Participating in research

There are many ways you can contribute to research. One way is to volunteer to become a research participant. This means you provide information or data about yourself to researchers as part of their study. Below are some questions that you might have about participation.

Why should I participate in research?

Mental health research aims to understand why people experience mental health problems and how they can be prevented or their impact reduced. Participating in research is a way that you can contribute to this. A lot of people who have personal experience of mental health issues volunteer to participate because they want to help other people in a similar situation.

What would I have to do?

What you will be asked to do will vary between studies. You may be asked to complete a questionnaire, take part in a telephone interview, a face to face interview, a workshop or focus group. In some studies you may be asked to try out a new treatment. An example of a McPin study was when we wanted to know how women decided whether or not to keep taking medication for their mental health while they were pregnant. To find out, we recruited participants who were women with this experience. During the interviews, they were asked about advice they’d received, what had worried them and what decision they made.


Who can participate in research?

Different studies will have different criteria for who they need to recruit. This can be general, for example, “People who volunteer in Mind charity shops”, or more specific, “Females aged 18-25 who have received cognitive behavioural therapy for bulimia”.

Do I need experience of a mental health condition to take part in research?

Not necessarily. Some studies will be looking to recruit people with personal experience of a specific mental health condition. However others will be looking for other sorts of experience, such as women who have used perinatal NHS services, or they will want to recruit a mix of people.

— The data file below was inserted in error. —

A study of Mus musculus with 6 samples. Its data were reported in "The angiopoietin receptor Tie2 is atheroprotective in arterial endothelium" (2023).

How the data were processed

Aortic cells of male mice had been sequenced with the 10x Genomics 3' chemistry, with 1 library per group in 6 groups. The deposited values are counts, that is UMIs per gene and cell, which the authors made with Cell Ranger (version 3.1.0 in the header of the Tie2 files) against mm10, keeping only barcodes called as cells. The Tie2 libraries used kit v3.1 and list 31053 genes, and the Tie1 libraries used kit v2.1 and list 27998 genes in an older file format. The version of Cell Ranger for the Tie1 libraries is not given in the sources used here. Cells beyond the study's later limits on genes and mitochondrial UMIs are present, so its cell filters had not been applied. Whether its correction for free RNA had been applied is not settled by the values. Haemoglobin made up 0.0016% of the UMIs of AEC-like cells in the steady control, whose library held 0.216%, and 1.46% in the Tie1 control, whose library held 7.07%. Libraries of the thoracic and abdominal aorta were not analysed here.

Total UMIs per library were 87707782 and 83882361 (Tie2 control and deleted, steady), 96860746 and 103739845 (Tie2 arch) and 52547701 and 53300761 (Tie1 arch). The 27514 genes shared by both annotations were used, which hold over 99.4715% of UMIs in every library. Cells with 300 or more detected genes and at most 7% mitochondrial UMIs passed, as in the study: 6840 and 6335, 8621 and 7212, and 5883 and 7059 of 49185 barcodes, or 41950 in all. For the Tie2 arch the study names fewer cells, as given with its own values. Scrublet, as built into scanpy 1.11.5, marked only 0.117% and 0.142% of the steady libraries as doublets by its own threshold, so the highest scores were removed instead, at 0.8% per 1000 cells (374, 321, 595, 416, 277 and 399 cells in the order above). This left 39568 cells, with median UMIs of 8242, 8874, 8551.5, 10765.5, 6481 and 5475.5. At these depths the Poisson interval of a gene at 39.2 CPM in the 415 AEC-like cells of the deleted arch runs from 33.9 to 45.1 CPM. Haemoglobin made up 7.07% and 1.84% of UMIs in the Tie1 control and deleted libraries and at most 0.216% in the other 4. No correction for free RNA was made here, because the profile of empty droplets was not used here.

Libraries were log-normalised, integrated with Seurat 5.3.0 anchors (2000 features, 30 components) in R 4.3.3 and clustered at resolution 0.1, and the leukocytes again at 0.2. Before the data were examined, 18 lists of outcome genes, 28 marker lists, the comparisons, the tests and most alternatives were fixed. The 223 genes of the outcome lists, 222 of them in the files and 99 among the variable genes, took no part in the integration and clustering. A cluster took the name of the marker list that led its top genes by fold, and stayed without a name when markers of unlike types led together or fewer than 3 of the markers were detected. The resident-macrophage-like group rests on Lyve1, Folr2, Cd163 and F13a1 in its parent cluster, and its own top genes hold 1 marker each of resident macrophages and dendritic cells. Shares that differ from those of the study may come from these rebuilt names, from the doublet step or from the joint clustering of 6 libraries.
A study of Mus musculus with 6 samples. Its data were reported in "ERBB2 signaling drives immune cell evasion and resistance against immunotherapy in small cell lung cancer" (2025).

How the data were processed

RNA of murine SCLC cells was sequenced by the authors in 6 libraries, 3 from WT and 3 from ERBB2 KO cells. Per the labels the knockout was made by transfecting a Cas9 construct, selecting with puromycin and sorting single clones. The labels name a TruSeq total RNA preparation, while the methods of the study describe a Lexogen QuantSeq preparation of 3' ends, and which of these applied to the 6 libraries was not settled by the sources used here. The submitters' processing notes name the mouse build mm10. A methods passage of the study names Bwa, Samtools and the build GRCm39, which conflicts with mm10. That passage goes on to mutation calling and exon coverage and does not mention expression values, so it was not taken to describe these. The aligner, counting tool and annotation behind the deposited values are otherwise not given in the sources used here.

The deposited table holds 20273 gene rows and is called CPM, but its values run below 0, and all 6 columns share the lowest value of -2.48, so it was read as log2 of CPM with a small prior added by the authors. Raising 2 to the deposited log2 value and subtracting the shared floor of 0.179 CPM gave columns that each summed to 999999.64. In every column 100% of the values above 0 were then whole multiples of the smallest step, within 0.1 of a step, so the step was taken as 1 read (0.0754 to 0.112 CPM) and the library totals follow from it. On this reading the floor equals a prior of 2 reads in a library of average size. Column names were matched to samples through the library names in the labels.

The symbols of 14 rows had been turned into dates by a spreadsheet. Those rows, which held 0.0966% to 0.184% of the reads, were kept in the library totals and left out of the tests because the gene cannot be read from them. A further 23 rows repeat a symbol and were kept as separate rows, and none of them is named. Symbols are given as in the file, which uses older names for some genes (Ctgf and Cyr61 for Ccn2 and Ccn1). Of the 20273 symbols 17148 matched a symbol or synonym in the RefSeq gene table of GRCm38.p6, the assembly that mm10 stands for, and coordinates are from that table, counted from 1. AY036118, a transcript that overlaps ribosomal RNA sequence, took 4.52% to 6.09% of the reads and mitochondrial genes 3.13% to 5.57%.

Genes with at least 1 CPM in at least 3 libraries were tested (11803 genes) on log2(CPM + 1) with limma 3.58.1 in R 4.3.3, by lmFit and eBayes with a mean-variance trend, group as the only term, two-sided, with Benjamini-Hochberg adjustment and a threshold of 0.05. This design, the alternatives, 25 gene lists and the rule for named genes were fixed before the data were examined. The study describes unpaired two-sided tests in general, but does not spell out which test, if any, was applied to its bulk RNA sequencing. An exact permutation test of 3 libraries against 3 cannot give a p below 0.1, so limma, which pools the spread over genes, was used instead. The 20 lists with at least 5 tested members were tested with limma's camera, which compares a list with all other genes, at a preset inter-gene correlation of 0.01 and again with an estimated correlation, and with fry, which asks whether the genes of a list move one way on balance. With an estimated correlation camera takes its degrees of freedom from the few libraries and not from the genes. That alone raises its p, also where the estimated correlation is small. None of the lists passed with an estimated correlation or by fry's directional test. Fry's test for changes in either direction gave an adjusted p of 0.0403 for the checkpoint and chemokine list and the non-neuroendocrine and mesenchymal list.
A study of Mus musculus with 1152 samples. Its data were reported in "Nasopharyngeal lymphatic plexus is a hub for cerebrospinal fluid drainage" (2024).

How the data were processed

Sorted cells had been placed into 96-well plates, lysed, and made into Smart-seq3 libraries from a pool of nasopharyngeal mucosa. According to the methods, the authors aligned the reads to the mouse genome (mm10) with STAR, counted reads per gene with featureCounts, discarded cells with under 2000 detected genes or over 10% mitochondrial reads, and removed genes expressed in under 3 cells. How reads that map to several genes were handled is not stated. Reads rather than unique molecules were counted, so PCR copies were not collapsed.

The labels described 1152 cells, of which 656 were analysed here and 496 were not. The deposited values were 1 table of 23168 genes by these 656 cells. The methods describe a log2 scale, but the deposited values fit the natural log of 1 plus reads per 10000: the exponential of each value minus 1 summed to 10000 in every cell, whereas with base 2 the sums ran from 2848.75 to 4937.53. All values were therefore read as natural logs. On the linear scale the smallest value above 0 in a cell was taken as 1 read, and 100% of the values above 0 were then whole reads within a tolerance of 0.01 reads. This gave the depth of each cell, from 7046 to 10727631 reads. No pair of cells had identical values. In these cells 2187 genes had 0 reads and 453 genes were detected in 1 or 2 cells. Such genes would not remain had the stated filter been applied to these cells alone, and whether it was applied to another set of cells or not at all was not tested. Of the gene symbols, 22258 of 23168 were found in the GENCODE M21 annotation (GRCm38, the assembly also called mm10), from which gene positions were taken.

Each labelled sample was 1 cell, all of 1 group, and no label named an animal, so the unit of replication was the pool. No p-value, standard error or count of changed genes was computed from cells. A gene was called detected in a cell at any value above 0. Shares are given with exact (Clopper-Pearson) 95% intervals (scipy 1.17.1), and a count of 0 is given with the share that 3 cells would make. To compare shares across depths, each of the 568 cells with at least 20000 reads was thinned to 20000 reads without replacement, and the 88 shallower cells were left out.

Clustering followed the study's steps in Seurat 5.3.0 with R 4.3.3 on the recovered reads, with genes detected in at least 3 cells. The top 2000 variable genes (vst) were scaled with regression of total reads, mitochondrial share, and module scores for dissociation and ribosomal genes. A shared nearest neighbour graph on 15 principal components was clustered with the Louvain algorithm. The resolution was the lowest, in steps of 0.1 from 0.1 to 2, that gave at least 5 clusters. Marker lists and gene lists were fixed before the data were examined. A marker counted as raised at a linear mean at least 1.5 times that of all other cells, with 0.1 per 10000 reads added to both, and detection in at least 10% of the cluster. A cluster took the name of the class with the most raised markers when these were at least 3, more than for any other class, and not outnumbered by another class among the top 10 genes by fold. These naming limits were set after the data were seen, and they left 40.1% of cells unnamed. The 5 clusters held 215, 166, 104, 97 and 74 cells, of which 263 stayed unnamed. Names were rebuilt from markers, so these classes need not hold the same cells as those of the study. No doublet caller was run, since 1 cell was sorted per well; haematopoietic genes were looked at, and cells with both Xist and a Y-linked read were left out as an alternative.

Has the research been approved and who by?

All research that involves people requires ethical approval before it can go ahead to ensure that the dignity, rights, safety and wellbeing of all participants is assured. Depending on the nature of the research and who is sponsoring it, this could come from a university ethics committee or a separate body such as a NHS Research Ethics Committee. In an ethics application, the research team will have to outline all possible risks related to the research and explain the steps they are taking to reduce these. This could be things like the risk that some of the questions in a research interview could prove upsetting for a participant. Ways to address this could be to explain what topics will be covered in advance, having a named person that the researcher can contact if the participant gets upset and having a list of support organisations to hand.

What information will I get before I take part?

You should be given an information sheet outlining exactly what the study is looking at and what you will be asked to do. It should also tell you what information, data or samples you will be asked to give and how these will be used. The researchers should also explain any risks connected to taking part and state that the research has received ethical approval.

If you are happy to participate, you will be asked to sign a consent form, which says that you are agreeing to take part in the study. You will be able to withdraw from a study at any time without giving a reason.

Is my information confidential?


Normally all the information you give as part of a study is confidential and often data is anonymised. For example, if you filled in a questionnaire, it will be labelled as “Participant 23” not “John Smith” so it is impossible for people looking at it to know who filled it. The information sheet should make it clear what information will be collected and how it will be used.

Is there a chance confidentiality could be broken?

In rare circumstances researchers may break confidentiality, usually to protect you or somebody else from harm. You should be told what these circumstances are before you give consent.

Will I get to hear about the results?

In the majority of cases, you should be able to find the results when the study is published. In some cases you may be sent a copy or a summary of the findings.

Can I take part in research in other ways?

Yes. Participating in a ready made project is only one way of contributing to the research process. If you want to use your personal experience to influence what research questions are asked and how the study is designed in the first place, you may want to consider doing research involvement.


SIGN UP to our Involvement Bulletin to hear about participation opportunities at McPin and elsewhere


CHECK OUT Twitter and Facebook

STILL NEED HELP? Check out these organisations

People in Research

National Service User Network (NSUN)

Be Part of Research

If you cannot find anything for you, take a look on social media and at appropriate condition-specific charities such as Beat for eating disorders or Autistica for autism.